Why Leaving Las Vegas is the Only True Depiction of Gambling in America
The year is 1996. Nicholas Cage wins the Oscar for Best Actor. Is this the real life? Is this just fantasy? Nope, this is definitely real life – the Nicholas Cage, known as much for his bad movies, ridiculous love life, and strange purchases (dinosaur skull, anyone?), won the Best Actor Oscar for Leaving Las Vegas.
Underrated by many, this movie is a class act
The movie also had a slew of other nominations for the movie – Best Actress, Best Director, and Best Writing, Screenplay Based (as well as a nom for Best Motion Picture, Drama at the Golden Globes). So why is this? Well, we think it’s because Leaving Las Vegas is the Only True Depiction of Gambling in America – plus it’s Cage at his absolute finest. Let’s see why it’s so real, real.
Vegas is about booze
Ben (Cage) is a hopeless alcoholic who heads off to Vegas after completely screwing over his real life elsewhere, in the hopes of drinking himself to death without any judgment – because that’s what Vegas is, baby! No judgment here! Sleep off that hangover in a bush. Vegas may be known as the city of gambling, but it really is a city of drinking as much as it is playing the tables. There are scenes of Ben at the tables, drunk as a skunk, having a grand old time. Drinking certainly makes you a more animated gambler – even if you get worse at it the more drinks in that you are. It’s not often that casinos will protect their patrons from racking up huge debt and potentially ruining their lives.
Vegas is about prostitution
The love interest in this movie, Sera (as played by the dazzling Elizabeth Shue), is a prostitute on the streets of Las Vegas. Nevada is one of the only states in which prostitution is legal within America. So, having the oldest profession in the world as Sera’s profession here definitely makes sense. The number of gorgeous girls on the strip that are out there for a dollar rather than real love is certainly high.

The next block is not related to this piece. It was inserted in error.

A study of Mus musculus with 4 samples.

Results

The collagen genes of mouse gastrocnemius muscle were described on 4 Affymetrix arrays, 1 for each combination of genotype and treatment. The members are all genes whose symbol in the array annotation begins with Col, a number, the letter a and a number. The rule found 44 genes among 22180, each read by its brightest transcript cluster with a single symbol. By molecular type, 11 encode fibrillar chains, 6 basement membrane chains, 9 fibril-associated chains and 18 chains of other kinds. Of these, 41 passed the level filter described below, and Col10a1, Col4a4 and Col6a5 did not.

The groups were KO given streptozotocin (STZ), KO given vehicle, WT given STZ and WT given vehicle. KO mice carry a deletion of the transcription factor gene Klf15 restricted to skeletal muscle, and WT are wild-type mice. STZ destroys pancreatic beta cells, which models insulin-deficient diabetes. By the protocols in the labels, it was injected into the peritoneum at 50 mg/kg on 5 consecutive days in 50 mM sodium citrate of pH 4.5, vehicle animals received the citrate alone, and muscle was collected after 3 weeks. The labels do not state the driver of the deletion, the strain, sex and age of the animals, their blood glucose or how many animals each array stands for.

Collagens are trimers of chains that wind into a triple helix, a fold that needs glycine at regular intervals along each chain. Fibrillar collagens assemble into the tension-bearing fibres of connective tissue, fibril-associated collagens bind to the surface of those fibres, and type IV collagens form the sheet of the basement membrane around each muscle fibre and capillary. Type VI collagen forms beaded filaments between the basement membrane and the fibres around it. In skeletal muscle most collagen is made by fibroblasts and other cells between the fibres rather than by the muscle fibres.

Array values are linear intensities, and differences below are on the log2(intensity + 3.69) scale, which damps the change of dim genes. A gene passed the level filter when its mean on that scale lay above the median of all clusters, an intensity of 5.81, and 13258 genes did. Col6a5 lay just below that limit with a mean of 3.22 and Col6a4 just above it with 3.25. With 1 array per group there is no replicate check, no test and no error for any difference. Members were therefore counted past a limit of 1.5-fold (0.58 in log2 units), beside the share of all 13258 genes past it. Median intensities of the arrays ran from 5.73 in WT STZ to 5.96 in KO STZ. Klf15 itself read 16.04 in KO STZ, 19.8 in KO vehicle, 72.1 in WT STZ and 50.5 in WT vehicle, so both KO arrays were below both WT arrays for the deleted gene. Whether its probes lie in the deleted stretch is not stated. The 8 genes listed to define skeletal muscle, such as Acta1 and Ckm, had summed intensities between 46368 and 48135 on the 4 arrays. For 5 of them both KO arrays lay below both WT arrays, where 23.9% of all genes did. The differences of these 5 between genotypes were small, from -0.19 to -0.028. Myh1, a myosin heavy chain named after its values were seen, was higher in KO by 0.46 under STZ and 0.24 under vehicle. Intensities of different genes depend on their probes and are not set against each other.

Vegas is about gambling with your sanity
An alcoholic and a prostitute, what could go wrong? Sounds like the ideal relationship, right? (Inset eye roll here) While Vegas can be super fun, it’s also a bit of a la la land, where anything and everything can happen. So, while an alcoholic and a prostitute might sound like a really bad combo anywhere else, it is just another regular day out in Vegas; it’s par for the course. Cage is known for his craziness in real life, plus actually lives in Las Vegas – so does the movie mirror his real life? The answer to that question is probably a bit of yes. Even though he’s playing a character here, it’s a character that’s perhaps a bit of an exaggeration of himself in a lot of ways.
Vegas is less about gambling and more about excess
While gambling is what supposedly brings people to Vegas, it’s really about that la la land essence, that anything can happen, excessive type of place. You don’t need to set foot on the gaming floor to get outrageously drunk, visit strip clubs, rent super stretch Hummers, pick up hookers, go to wild night clubs, and rent hotels by the hour, even get other interesting things delivered straight to your door. Sure, the gambling and casinos part is central, but it sure doesn’t have to be – and many people only have a little bit of a flutter while they’re in town. Ben’s life is a story of huge excess, and while it seems that maybe Sera and Ben can ‘save’ each other, is this actually true?
The real gambling is with your life
This, this, is the reason why Leaving Las Vegas is the only true depiction of gambling in America. What are you gambling with? If you’re gambling with money at the casino, is it enough to lose to ruin your life? Are you a functioning alcoholic who is on the verge of losing your job, gambling with those sneaky lunchtime drinks? Are you gambling with your life with your job – as a prostitute on the street, or in a high-risk role like in the police force? Are you gambling with your relationship by cheating with someone else? Gambling is about risk – and the risk that people take on in their lives is unique to each individual. How much do you gamble?